Kasi Lemmons’ engrossing double biography, “Talk to Me,” is a showcase for two fine actors who get a rare chance to strut their versatility.

Kasi Lemmons’ engrossing double biography, “Talk to Me,” is a showcase for two fine actors who get a rare chance to strut their versatility.

Don Cheadle, far from the heroics of “Hotel Rwanda,” plays a pushy, alcoholic, unpredictable ex-convict, Ralph Waldo “Petey” Greene Jr., who became a talk-radio phenomenon in the late 1960s. On the day Martin Luther King died, he provided a much-needed voice of reason for the African-American community.

Chiwetel Ejiofor, best-known for his work in “Dirty Pretty Things,” plays Dewey Hughes, a Washington D.C. radio executive who recognizes Greene’s talent and risks his own job because he fears that WOL-AM will otherwise become identified with the Establishment.

His boss (Martin Sheen) isn’t so sure, and Hughes demonstrates his daring by locking him in his office while Greene’s broadcast plays live on the air. It’s a close call, but when the switchboard starts lighting up in response to Greene’s attempts to make it real, a new radio star is born.

The relationship between the proper Hughes and irrepressible Greene is the heart of “Talk to Me,” which makes neither of them look like a pushover. In perhaps the key episode, a pool game reveals how different they are, and how much they complement each other.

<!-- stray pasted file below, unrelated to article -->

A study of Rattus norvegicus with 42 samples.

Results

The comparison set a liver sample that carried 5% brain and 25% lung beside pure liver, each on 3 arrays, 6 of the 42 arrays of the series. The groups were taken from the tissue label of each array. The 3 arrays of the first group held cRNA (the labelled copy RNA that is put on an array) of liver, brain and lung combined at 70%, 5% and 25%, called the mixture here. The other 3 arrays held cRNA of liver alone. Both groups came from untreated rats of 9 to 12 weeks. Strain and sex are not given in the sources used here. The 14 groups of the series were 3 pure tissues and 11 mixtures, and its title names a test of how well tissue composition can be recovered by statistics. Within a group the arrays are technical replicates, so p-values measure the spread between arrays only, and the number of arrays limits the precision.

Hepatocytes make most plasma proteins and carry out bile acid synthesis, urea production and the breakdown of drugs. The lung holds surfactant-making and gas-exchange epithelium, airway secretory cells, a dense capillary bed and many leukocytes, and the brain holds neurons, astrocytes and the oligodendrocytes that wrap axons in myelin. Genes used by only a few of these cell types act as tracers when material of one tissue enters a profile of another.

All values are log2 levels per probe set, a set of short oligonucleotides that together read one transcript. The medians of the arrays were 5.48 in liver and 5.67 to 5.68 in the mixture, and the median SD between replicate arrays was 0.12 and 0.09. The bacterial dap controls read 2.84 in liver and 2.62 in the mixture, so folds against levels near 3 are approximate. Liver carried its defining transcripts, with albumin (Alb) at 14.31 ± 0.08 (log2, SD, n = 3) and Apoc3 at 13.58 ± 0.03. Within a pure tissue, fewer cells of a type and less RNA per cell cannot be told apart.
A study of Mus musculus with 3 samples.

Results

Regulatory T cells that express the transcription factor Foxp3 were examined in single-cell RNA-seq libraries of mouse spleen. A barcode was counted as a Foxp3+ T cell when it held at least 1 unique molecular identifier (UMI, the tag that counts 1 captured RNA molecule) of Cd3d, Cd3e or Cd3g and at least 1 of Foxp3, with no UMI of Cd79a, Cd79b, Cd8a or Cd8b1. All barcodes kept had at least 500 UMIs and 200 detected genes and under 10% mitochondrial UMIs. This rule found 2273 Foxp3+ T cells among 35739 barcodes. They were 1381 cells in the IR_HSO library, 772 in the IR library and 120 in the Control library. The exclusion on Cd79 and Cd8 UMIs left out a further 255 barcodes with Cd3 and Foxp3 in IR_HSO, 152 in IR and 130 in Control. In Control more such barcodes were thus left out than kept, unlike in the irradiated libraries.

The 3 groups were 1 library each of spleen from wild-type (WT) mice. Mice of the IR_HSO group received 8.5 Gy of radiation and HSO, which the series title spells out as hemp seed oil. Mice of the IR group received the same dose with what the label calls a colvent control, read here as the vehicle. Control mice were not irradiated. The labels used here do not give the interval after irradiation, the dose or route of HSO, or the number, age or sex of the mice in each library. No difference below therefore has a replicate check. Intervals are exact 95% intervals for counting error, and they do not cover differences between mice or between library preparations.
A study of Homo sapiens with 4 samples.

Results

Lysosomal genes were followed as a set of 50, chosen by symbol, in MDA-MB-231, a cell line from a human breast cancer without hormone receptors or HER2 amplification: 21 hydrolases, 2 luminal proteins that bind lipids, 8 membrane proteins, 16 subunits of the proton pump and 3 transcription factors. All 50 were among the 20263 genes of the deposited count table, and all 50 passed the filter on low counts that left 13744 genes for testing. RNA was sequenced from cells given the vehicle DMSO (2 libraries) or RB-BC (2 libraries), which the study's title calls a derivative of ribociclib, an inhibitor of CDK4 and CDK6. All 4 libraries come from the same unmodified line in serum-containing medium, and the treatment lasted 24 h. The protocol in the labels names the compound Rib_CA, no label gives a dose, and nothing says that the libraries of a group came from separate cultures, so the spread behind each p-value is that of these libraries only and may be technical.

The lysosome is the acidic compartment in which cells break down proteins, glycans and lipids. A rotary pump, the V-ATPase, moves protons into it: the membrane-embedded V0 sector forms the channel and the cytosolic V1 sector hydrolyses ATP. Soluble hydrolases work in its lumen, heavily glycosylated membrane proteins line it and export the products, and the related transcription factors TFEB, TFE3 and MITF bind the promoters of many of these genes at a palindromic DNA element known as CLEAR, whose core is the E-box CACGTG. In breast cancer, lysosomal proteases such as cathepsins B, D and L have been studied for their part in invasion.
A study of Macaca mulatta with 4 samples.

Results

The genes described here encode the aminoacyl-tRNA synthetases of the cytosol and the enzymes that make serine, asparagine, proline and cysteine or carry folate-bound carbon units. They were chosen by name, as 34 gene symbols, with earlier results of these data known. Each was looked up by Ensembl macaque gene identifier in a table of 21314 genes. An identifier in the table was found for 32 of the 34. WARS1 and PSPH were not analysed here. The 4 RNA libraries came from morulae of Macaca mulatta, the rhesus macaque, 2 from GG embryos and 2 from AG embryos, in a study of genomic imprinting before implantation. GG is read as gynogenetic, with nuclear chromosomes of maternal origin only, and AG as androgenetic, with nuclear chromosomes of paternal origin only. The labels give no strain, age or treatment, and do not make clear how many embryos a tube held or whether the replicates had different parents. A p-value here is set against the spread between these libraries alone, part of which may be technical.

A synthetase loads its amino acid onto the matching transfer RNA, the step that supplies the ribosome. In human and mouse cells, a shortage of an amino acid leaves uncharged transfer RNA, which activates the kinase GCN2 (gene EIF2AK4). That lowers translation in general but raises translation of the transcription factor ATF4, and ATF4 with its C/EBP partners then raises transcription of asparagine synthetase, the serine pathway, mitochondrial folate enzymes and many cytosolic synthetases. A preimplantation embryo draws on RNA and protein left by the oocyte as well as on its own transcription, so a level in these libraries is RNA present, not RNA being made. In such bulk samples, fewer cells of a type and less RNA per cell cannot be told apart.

“I need you to say all the things that I’m afraid to say,” says Hughes.

Opposites attract, with a vengeance. Greene calls Hughes “another white boy with a tan,” and expresses his contempt for Sidney Poitier’s “Mr. Tibbs,” the straight-talking detective Poitier played in three movies. Hughes puts Greene in his place by demonstrating his pool expertise and proving that he can spout street talk with the best of them.

The competitive chemistry is undeniable, and it continues through the years, right up to the moment when Greene blows his big moment on Johnny Carson’s show—and Hughes punches him for giving up on what was really Hughes’ childhood dream.


He’s especially good at demonstrating Greene’s boldness in his early broadcasts, slyly insulting Berry Gordy on the air, then apologizing without really apologizing. He’s even looser in front of a live audience, unconstrained by his radio boss’ insistence that “we have to be respectable.”

But Greene wouldn’t have the opportunity to be Greene if Hughes hadn’t paved the way, and Eijofor matches Cheadle’s brilliance with a slow-burn performance that suggests that Hughes is the one who truly grows and changes. When they’re together on-screen, they seem able to get away with anything, even a dicey episode in which Greene shows up nearly naked at Hughes’ apartment.

Hughes’ date assumes that the two men are lovers, she splits in a hurry, and Cheadle and Eijofor turn the episode into the movie’s most outrageously comic episode. Putting them together was clearly an inspiration, and director Lemmons (“Eve’s Bayou”) knows exactly what to do with the opportunity.